Mike Pompeo says China in 'league of its own' on human rights violations, its crackdown on Muslims at 'record level'
China is in a 'league of its own' when it comes to human rights violations, US Secretary of State Michael Pompeo said on Wednesday, while criticising Beijing for human rights violations and deterioration of conditions.
In just 2018, China intensified its campaign of detaining Muslim minority groups at record levels, Pompeo said
The US State Department said China had detained possibly more than two million Uygurs, ethnic Kazakhs and other Muslims in internment camps
The report noted China's human rights abuses such as unlawful killings by the government, forced disappearance, torture, arbitrary detention, life-threatening prison and detention conditions
Washington DC: China is in a "league of its own" when it comes to human rights violations, US Secretary of State Michael Pompeo said on Wednesday, while criticising Beijing for human rights violations and deterioration of conditions.
Releasing the US State Department's annual human rights report titled 'Country Reports on Human Rights Practices', Pompeo alleged that China intensified its crackdown on detaining Muslim minority groups at "record levels".
"There's China, which is in a league of its own when it comes to human rights violations. In just 2018, China intensified its campaign of detaining Muslim minority groups at record levels. Today, more than 1 million Uyghurs, ethnic Kazakhs and other Muslims are interned in reeducation camps designed to erase their religious and ethnic identities," Pompeo said.
The report highlighted the Chinese government's systematic internment and possible abuse and torture of as many as two million Uyghur Muslims in northwestern Xinjiang Uyghur autonomous region in 2018, according to South China Morning Post.
It slammed China for restricting freedom of speech and allowing or committing violence against religious and ethnic groups.
"Official repression of the freedoms of speech, religion, movement, association, and assembly of Tibetans in the Tibet autonomous region (TAR) and other Tibetan areas and of Uygurs and other ethnic and religious minorities in Xinjiang worsened and was more severe than in other areas of the country," the report said.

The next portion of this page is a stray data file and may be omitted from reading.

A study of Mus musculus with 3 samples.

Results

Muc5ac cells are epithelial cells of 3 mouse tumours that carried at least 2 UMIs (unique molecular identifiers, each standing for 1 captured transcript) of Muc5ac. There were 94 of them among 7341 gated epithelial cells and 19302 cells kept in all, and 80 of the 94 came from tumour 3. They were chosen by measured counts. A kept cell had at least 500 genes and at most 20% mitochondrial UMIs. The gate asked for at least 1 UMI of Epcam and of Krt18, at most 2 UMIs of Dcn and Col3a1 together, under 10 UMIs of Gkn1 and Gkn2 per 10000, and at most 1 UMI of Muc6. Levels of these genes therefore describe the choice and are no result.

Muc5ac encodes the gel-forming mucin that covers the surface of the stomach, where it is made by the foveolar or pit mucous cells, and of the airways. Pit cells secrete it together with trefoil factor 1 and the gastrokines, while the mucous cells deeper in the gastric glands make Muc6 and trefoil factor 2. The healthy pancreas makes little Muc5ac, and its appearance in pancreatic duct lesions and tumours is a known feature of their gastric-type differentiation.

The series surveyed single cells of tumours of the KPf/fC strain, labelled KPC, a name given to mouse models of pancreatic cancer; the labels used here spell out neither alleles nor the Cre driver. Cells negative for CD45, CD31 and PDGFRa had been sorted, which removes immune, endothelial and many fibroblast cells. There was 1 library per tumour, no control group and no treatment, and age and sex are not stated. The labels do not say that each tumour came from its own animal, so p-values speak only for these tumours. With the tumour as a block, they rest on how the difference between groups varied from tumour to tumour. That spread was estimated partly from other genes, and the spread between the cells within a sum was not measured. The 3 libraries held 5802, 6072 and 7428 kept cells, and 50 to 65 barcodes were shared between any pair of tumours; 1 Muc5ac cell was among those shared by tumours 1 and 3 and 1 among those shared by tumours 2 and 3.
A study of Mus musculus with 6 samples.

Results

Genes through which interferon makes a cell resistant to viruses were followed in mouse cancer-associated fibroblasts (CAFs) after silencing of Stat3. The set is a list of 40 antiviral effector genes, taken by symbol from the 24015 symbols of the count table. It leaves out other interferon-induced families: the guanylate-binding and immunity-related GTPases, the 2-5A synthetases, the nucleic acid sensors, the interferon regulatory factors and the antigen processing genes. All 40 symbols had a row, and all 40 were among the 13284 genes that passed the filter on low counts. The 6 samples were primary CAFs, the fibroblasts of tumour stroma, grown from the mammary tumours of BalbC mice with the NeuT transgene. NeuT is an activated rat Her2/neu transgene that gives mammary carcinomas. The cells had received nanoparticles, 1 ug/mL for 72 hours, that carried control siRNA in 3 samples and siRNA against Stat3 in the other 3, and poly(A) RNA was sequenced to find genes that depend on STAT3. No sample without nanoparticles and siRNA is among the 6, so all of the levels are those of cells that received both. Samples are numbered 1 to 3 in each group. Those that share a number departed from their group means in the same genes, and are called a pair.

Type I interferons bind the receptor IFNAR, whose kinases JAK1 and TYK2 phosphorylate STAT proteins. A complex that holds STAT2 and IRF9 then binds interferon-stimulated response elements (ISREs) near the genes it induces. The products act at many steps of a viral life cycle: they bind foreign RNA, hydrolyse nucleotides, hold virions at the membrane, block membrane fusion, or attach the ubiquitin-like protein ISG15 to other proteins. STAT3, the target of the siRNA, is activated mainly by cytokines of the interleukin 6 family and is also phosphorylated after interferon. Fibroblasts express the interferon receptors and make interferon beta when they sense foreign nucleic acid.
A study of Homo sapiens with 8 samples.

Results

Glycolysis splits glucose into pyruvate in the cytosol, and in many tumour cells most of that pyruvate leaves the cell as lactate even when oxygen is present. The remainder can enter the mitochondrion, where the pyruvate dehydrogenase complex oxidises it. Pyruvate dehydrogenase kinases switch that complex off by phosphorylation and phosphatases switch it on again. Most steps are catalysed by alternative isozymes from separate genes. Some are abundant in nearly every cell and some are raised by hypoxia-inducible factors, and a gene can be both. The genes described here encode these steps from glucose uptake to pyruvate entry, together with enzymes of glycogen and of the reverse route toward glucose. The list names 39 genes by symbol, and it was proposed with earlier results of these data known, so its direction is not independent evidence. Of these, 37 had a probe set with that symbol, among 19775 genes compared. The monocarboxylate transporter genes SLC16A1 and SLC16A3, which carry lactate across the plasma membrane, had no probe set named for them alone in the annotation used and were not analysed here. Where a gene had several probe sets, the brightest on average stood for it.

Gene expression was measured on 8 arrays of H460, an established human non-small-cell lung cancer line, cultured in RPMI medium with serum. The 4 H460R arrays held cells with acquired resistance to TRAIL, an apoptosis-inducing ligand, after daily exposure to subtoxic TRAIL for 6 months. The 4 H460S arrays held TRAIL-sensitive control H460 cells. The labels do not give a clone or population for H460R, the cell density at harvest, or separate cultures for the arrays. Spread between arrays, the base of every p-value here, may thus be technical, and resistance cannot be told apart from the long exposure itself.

The report found that the Chinese government, in 2018, "significantly intensified its campaign of mass detention of members of Muslim minority groups in Xinjiang”.
It underlined that Chinese authorities "have arbitrarily detained 800,000 to possibly more than two million Uygurs, ethnic Kazakhs, and other Muslims in internment camps designed to erase religious and ethnic identities".
The report also noted China's human rights abuses including unlawful killings by the government, forced disappearance, torture, arbitrary detention, harsh and life-threatening prison and detention conditions, according to the South China Morning Post.
"International media, human rights organisations and former detainees reported security officials in the camps abused, tortured, and killed some detainees," it further noted.
In August last year, a United Nations human rights panel expressed grave concerns that there were credible reports that China was holding a million Uyghur Muslims in mass detention camps in Xinjiang province.
Several international human rights organisations have accused China of cracking down on the Uyghurs by sending them to mass detention camps, interfering in their religious activities and sending the minority community to undergo some form of forceful re-education or indoctrination.
However, Chinese authorities claimed that the camps are "educational training centres", and are needed to clamp down on terrorism and separatist and extremist activities.
Furthermore, the report highlighted that “members of the minority Uyghur ethnic group reported systematic torture and other degrading treatment by law enforcement officers”.
The US co-hosted an event with Canada, Germany, the Netherlands, and the United Kingdom at the United Nations in Geneva to raise awareness regarding ongoing and egregious human rights abuses in Xinjiang, where more than one million Uyghurs, ethnic Kazakhs, Kyrgyz, and other members of Muslim minority groups have been detained since April 2017, the State Department said in a release.
"The United States strongly encouraged the UN and the High Commissioner for Human Rights to make these abuses a priority. Government officials, expert panelists, and survivor testimony highlighted the magnitude and severity of the violations of human rights and fundamental freedoms in Xinjiang," it added.
Participants also considered next steps the international community could take in addressing the situation in Xinjiang, the statement further said.